Out to Launch: Super Bowl Edition, Day 3

Hyundai has two distinctly different ads running in the first quarter of the Super Bowl, both promoting the Sonata. The first ad is "Paint." Unlike most Super Bowl ads, it's very quiet and mellow, set to classical music. Cars parts are being dipped in paint (and you thought it was boring to watch paint dry) as a recognizable voiceover names famous Sonatas: Mozart's, Schubert's and Hyundai's. "Because beautiful works of art are meant to last," concludes voiceover guy Jeff Bridges. The spot touts the paint quality of Sonata as better than Mercedes CLS550. Watch the ad here. The company's second ad features Brett Favre, and it's awesome. I think the ad is better because Favre and the Vikings didn't make it to the Super Bowl. Plus, Favre makes fun of his notorious indecisiveness that football fans have grown accustomed to. The location: a locker room. The year: 2020, and an aged Brett Favre is speaking to the press following a championship victory and MVP win. Love the hologram trophy of Favre himself holding a football. Favre describes being 50 and older than most fans and team owners. He contemplates retirement, then reneges. Sound familiar? "We don't know what things will be like 10 years from now, but we can assure you that your Hyundai will still be covered," says the voiceover promoting Hyundai Sonata's 10-year/ 100,000-mile warranty. See the ad here. Innocean Worldwide created the ads.



There's an animated "Squirrel" foraging for unlikely materials in a spot for Honda Accord Crosstour, running in the fourthquarter. The ad, set to Kool & The Gang's "Funky Stuff," continues with the brand's use of polygonal animation and follows a squirrel gathering stock for winter. A pineapple, bowling trophy, barbell and furniture barely make it into a tree. The furry critter stops in awe of the room the Crosstour provides. "Just what we all need. Another brilliant idea from Honda," says voiceover Kevin Spacey. Watch the ad here, created by RPA.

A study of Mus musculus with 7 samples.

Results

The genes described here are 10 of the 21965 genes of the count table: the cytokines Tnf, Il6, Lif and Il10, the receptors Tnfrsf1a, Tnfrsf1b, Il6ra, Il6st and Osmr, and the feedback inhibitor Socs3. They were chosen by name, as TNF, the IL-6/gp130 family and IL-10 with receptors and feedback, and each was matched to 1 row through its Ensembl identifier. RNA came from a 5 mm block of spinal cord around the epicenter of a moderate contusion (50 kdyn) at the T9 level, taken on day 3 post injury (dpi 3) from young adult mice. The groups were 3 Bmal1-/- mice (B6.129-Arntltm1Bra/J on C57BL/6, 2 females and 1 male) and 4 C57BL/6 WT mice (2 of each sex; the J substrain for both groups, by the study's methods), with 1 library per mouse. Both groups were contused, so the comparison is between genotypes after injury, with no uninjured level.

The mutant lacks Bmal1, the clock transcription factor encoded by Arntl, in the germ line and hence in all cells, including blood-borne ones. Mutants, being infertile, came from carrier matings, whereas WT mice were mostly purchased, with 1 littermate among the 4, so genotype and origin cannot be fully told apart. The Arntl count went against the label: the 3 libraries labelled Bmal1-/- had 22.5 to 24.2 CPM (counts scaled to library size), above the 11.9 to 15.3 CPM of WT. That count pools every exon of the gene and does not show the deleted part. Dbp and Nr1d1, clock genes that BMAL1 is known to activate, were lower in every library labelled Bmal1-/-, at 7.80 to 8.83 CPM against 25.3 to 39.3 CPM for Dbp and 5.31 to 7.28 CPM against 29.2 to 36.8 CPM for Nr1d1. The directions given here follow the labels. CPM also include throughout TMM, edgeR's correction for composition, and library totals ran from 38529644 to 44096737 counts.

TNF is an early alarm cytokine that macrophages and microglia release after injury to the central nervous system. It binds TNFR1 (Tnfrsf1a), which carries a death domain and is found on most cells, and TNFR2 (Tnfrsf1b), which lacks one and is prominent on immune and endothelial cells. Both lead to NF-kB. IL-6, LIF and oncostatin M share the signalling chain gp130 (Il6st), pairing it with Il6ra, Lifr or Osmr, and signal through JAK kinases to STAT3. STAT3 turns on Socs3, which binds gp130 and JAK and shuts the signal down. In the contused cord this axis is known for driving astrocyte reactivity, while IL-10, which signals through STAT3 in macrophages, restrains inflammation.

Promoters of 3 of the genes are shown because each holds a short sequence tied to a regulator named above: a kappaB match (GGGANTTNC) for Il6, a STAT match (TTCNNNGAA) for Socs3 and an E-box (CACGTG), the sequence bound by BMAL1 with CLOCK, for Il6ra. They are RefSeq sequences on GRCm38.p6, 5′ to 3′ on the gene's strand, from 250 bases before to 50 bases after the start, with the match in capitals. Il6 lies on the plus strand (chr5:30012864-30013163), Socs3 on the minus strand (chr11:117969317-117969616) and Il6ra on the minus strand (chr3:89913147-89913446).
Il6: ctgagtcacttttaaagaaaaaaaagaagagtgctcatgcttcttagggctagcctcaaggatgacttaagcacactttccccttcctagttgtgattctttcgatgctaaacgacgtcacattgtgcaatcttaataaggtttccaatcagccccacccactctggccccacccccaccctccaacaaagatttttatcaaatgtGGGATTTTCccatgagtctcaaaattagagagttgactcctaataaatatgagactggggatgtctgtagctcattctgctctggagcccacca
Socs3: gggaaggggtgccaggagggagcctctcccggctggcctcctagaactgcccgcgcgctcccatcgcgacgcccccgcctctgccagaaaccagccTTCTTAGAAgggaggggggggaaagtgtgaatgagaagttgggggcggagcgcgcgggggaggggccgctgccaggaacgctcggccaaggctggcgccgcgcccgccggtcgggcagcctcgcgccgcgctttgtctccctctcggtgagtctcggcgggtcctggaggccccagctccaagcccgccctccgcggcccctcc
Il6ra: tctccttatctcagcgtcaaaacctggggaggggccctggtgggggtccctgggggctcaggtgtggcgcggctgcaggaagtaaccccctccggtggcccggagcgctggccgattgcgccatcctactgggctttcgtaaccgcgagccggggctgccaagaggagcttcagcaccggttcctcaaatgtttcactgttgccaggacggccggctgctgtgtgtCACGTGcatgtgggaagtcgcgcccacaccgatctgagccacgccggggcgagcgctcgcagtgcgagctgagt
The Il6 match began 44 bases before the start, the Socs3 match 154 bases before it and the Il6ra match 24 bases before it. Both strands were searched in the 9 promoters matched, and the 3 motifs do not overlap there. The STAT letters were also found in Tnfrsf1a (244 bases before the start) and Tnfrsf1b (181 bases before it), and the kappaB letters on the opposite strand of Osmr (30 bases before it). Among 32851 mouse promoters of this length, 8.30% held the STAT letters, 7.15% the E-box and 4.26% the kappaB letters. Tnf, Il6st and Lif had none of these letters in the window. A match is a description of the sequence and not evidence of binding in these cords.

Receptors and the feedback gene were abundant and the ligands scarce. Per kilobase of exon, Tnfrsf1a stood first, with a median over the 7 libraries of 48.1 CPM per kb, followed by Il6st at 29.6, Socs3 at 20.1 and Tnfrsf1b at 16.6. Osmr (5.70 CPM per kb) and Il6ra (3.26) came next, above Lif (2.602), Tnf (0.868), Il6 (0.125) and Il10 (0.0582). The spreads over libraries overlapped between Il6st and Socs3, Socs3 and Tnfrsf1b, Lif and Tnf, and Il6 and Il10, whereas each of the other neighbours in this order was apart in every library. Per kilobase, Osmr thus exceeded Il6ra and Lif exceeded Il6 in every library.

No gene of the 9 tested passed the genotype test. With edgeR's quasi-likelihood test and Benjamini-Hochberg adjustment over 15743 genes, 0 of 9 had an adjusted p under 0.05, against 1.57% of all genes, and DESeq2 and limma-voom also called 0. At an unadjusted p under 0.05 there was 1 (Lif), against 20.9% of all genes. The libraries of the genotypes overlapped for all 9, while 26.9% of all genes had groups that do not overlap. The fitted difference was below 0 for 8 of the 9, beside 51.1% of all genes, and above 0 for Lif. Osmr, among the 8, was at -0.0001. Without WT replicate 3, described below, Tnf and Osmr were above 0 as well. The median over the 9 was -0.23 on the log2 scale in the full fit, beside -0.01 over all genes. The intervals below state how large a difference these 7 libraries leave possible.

Is getting a Super Bowl ad banned the new black? If so, kgb has joined the ever-growing list of brands with a banned Super Bowl ad under their belt. I still can't comprehend how the company makes a profit. You text them your questions and pay for answers. I use Google when I'm stumped, and it's free. Back to the banned ad. The kgb team is summoned to a country club to find two golfers with their heads up their asses. Their wives look unsurprised at their husbands' achieved feat. They could have avoided this situation by getting accurate answers from kgb. If you're used to seeing burp and fart jokes in Super Bowl ads, then "In the Hole" seems like a perfect fit for the big game. What's more offensive to Super Bowl audiences: seeing a visual of a man with his head up his ass, or assuming that men's heads are frequently found there? Watch the ad here, created by The Brooklyn Brothers.